Delaware State University and the State Division of Family Services (DFS) announced a new initiative today that will make higher education a reality for eligible foster youths.
DSU President Harry L. Williams and Vivian Rapposelli, Secretary of the Department of Services for Children, Youth and their Families, signed a formal agreement today (Feb. 14) that will annually provide an opportunity for two foster youths who reach the age of 18 to pursue a bachelor’s degree at Delaware State University.
State Sen. Brian Bushweller, state Rep. Darryl Scott, state Rep. William Carson, state Rep. LIncoln Willis, attended the agreement signing to show their support for the initiative.
Although unable to attend the agreement signing due to a schedule conflict, Gov. Jack Markell today expressed his strong support of the program.
“This is about giving kids who've been dealt a difficult hand a chance for further success. It's about the opportunity to work hard, stay focused and accomplish their dreams,’ Gov. Markell said. “The University and the Department have created a partnership that will bring great students to the school and give them opportunities for the future.”
Secretary Rapposelli said that youths who age out of foster care face the same obstacles as other young adults, but often without the support of their families.
“This partnership with DSU provides the students it supports with stability, hope and peace of mind – allowing them to start the next phase of their lives on a solid foundation,” Secretary Rapposelli said. “We are grateful to DSU and excited for the many young men and women who will benefit from this opportunity.”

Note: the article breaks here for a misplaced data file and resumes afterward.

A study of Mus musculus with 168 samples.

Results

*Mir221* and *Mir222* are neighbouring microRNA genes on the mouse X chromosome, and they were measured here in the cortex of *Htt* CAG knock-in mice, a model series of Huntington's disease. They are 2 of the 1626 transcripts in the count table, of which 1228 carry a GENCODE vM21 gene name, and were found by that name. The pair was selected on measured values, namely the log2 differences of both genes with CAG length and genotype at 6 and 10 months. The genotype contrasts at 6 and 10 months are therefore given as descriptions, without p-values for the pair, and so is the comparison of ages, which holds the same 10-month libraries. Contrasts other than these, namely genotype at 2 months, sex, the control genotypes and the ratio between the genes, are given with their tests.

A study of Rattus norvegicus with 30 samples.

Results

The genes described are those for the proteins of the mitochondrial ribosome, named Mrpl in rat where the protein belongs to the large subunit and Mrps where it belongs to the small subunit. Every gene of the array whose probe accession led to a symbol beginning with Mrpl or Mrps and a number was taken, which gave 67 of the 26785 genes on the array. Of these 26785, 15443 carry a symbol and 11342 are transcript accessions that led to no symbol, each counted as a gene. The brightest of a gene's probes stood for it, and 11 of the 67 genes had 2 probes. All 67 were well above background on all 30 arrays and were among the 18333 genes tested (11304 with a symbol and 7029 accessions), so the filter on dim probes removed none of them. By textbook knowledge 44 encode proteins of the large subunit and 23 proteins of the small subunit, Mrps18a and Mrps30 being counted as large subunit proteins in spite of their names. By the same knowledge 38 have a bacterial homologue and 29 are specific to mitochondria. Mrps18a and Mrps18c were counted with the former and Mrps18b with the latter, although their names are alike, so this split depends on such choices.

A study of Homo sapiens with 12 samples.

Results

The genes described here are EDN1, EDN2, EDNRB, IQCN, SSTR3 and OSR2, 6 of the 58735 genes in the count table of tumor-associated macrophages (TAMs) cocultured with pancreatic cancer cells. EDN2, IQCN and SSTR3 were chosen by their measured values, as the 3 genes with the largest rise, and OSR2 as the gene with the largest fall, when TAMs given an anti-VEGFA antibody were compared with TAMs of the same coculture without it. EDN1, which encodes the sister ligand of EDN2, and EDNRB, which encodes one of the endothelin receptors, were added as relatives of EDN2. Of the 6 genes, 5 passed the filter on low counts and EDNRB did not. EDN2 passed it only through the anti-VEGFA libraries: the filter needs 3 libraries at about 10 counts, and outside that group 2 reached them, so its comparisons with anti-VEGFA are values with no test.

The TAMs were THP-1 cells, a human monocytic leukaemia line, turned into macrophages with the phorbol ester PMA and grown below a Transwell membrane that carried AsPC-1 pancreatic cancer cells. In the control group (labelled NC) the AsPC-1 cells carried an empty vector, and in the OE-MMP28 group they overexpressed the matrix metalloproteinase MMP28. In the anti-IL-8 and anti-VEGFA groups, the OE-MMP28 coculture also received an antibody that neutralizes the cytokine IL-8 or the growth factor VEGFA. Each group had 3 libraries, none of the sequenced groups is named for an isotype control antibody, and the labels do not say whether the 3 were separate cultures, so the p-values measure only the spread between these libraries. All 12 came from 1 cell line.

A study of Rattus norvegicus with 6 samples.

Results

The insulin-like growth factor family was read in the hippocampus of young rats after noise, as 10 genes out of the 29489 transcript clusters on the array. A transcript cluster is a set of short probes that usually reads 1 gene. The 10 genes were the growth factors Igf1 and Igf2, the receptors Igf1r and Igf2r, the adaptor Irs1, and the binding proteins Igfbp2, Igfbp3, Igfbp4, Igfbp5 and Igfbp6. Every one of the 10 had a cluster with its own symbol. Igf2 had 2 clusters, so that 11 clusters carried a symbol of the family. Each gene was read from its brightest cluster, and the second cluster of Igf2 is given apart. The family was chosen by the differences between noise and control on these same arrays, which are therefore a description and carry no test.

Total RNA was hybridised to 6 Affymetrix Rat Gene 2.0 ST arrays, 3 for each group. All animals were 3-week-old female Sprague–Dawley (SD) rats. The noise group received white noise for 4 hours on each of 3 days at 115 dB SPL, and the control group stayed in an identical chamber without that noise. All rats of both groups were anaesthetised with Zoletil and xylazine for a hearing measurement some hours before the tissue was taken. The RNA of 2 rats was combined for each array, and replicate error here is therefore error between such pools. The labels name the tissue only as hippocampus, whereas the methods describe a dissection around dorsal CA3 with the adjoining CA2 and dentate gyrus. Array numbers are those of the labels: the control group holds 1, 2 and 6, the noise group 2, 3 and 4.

The DFS will identify two foster youths per year who have aged out (turned 18) of foster care, are academically eligible and personally motivated to attend DSU. The state agency will assist the foster youths in completing the necessary academic and financial paperwork
DSU will give the enrolled foster youths access to year-round on-campus housing and to its student support services, assist them in the completion of the financial aid process and help them identify scholarship opportunities.
“With community and outreach being among DSU’s five core values, this opportunity to help worthy foster youths achieve their dreams is consistent with the University’s standing as a valuable education asset to the state,” President Williams said.
The foster youths will receive state financial support in the form of Educational and Training Vouchers and Housing Vouchers. In the event there is a shortfall of state funds, the foster youths will be expected to apply for student loans or other financial aid opportunities to cover the shortfall.
There are over 700 children in Delaware’s foster care system. In fiscal 2010, there were 94 foster youths that aged out of the system.